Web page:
By COS staff

Motorists in Newfoundland and Labrador will now be required to move over when approaching stopped emergency, enforcement or other designated vehicles.

The new law under the Highway Traffic Act came into effect March 10 and will require motorists to stop or slow to a reasonable speed and give a wide berth to those working by the side of the road.

“By slowing down and moving over we can ensure that workers can perform their duties more safely and reduce the risk of anyone getting injured or worse by a vehicle," said Minister of Service NL Dan Crummell.

This new law is in addition to the existing law that requires drivers to pull over to the side or otherwise yield the right of way when an emergency vehicle is approaching with lights and sirens activated. As a rule, motorists will now create a buffer lane by slowing down and putting as much distance as possible between themselves and a designated stopped vehicle.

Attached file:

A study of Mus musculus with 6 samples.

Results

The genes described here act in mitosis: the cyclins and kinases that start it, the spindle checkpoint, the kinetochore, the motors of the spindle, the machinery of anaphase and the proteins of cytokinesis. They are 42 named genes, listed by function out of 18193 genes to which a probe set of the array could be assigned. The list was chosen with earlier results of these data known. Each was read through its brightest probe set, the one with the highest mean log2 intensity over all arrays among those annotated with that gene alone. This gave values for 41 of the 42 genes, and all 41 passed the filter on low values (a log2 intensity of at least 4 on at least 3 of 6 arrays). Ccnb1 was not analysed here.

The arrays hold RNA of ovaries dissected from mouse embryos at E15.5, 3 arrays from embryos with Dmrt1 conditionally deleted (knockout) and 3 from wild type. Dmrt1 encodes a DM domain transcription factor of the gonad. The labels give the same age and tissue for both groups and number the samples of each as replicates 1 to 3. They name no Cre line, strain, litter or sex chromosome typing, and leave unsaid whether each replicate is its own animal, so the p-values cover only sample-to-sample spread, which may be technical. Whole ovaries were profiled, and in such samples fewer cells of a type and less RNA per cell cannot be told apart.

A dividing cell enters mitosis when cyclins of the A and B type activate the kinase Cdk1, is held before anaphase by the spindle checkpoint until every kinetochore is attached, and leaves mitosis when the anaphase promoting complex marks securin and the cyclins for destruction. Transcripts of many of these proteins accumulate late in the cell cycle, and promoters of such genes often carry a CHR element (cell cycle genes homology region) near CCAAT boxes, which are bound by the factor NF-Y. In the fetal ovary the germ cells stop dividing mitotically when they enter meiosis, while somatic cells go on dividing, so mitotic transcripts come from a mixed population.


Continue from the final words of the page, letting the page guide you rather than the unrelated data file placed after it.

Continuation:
Designated vehicles which require a wide berth under the new laws must be operating flashing red, blue or amber lights or have other traffic warning signals.

Designated vehicles can include:

• emergency and enforcement vehicles

• tow trucks or other roadside assistance vehicles

• search and rescue vehicles

• public utility vehicles

• municipal, provincial or federal enforcement or service vehicles.

Failing to exercise these safe driving practices can result in fines of $300 to $900, and four demerit points against the offending driver’s record in the event of a conviction.